The pro-life rebuttal to this column can be found here.

Pro-choice and pro-life are huge topics of discussion in the United States, especially here in Fort Collins among college students. I am personally on the side of pro-choice. I think that sometimes individuals see those who are pro-choice as also being pro-abortion, and that’s not necessarily true. Some people just believe that women deserve a choice and that abortion is a personal decision, not a legal debate. 


This past week, the House voted to freeze federal funding for Planned Parenthood for one year. An article from The Hill that discussed the vote said, “The House on Friday voted along party lines to freeze federal funding for Planned Parenthood after weeks of escalating tension surrounding its use of fetal tissue. In a 241-187 vote, nearly all Republicans and two Democrats approved legislation that would block Planned Parenthood’s federal funding for one year, giving time for Congress to fully investigate claims of wrongdoing by the provider.” The closing of Planned Parenthood will result in saving $235 million in a decade, but it will also result in thousands of unplanned births. Another disturbing thing about de-funding Planned Parenthood is that the federal government doesn’t even fund the abortion part of Planned Parenthood — the usage of federal dollars for abortion has been illegal since 1976. They are taking away the resources that compliment abortion procedures that are privately funded from donors and fee dollars.

This is not just the mere saving of money, but the removal of a health entity that has not only helped support victims of rape, incest, sexually transmitted diseases and other life-threatening illnesses that occur during pregnancy. Taking Planned Parenthood away exposes women to potential emotional and general health challenges, especially because many women look to Planned Parenthood for health-care services that otherwise they wouldn’t be unable to afford. This risk is not only unhealthy for these women but also for a potential child growing inside. It also puts an entire demographic of women in danger of having no way of receiving health-care treatment or counseling.

It also takes away community resources from people who have suffered from traumatic experiences and may not have access to another form of care. I don’t believe that the government should have a say in the choices women make with their bodies. I do feel like they should have a say in the legality of it, like ensuring that the women are well-informed about the decision, risks and ultimate end result of undergoing an abortion by the healthcare professionals and protection for women who do choose to have an abortion to make sure that doctors and nurses are following ethical procedures to cater to the woman’s well-being.

Taking away that choice by cutting off funding to the institution is detrimental to society on so many levels because now women are giving birth to unwanted and unloved children who might have to live in household where their presence isn’t appreciated or enjoyed from the very beginning. Why make a child endure that life anyway? Our adoption systems here are not always promising, and we can’t guarantee that every child will be adopted into a loving family. The de-funding of Planned Parenthood also makes women more vulnerable to emotional trauma, making them emotionally and mentally unsound because of a possible assault or abuse that led them to this situation. Taking away their sense of power and choice to abort, or even just eliminating the availability of counseling at Planned Parenthood after a damaging experience could really harm women as a whole.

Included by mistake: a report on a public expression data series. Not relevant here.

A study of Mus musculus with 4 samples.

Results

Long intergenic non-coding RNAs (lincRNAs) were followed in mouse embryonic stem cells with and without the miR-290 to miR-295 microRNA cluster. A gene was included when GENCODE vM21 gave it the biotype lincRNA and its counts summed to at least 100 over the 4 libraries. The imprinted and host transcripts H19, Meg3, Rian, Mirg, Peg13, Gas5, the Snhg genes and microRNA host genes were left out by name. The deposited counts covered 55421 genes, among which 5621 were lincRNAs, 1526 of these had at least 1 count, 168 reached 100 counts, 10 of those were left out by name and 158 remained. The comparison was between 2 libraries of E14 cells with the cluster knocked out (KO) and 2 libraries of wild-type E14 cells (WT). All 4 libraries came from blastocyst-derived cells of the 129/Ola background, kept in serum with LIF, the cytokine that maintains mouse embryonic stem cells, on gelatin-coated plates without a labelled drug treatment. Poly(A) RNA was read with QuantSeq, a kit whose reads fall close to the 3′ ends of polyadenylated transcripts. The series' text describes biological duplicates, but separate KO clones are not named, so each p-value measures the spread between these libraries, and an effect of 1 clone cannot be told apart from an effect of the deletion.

Here at CSU, I have been a part of many sexual assault discussions and one thing that is always brought up is that if a friend tells you about that kind of experience, you need to always offer support and resources that could help them, but never make the decision for them for what the next step should look like because it takes away their sense of power and control over their lives. I think this idea can be the same when applied to pro-choice — when you take away the power to choose within an important decision that must be made, it puts women in a helpless state of mind, which is not only unsafe for them, but for their environments and surrounding community as a whole.

The pro-choice mindset allows women to determine what’s best for them. Pro-life is allowing someone else to say, “I know what’s best for you.” The right to reproduce is a human right, and society shouldn’t be able to regulate or control the use of a woman’s uterus. It’s her body, and because of that, she should be able to choose what she does with it. Furthermore, in the words of Anais Nin, “Motherhood is a vocation like any other. It should be freely chosen, not imposed upon woman.”

Some women aren’t ready or really just don’t want to be forced into motherhood, and others have been put in a compromising position where the unfortunate occurrence of rape or incest leaves them wanting no trace of the devastating incident. A woman knows what is best for her, and if a woman wants further counseling and professional advice, that is why there are resources like Planned Parenthood, who assist in exploring options. Don’t make the decision for individuals who can make it for themselves. 

Collegian Columnist Chynna Fayne can be reached at or on Twitter @ChynnaFayne.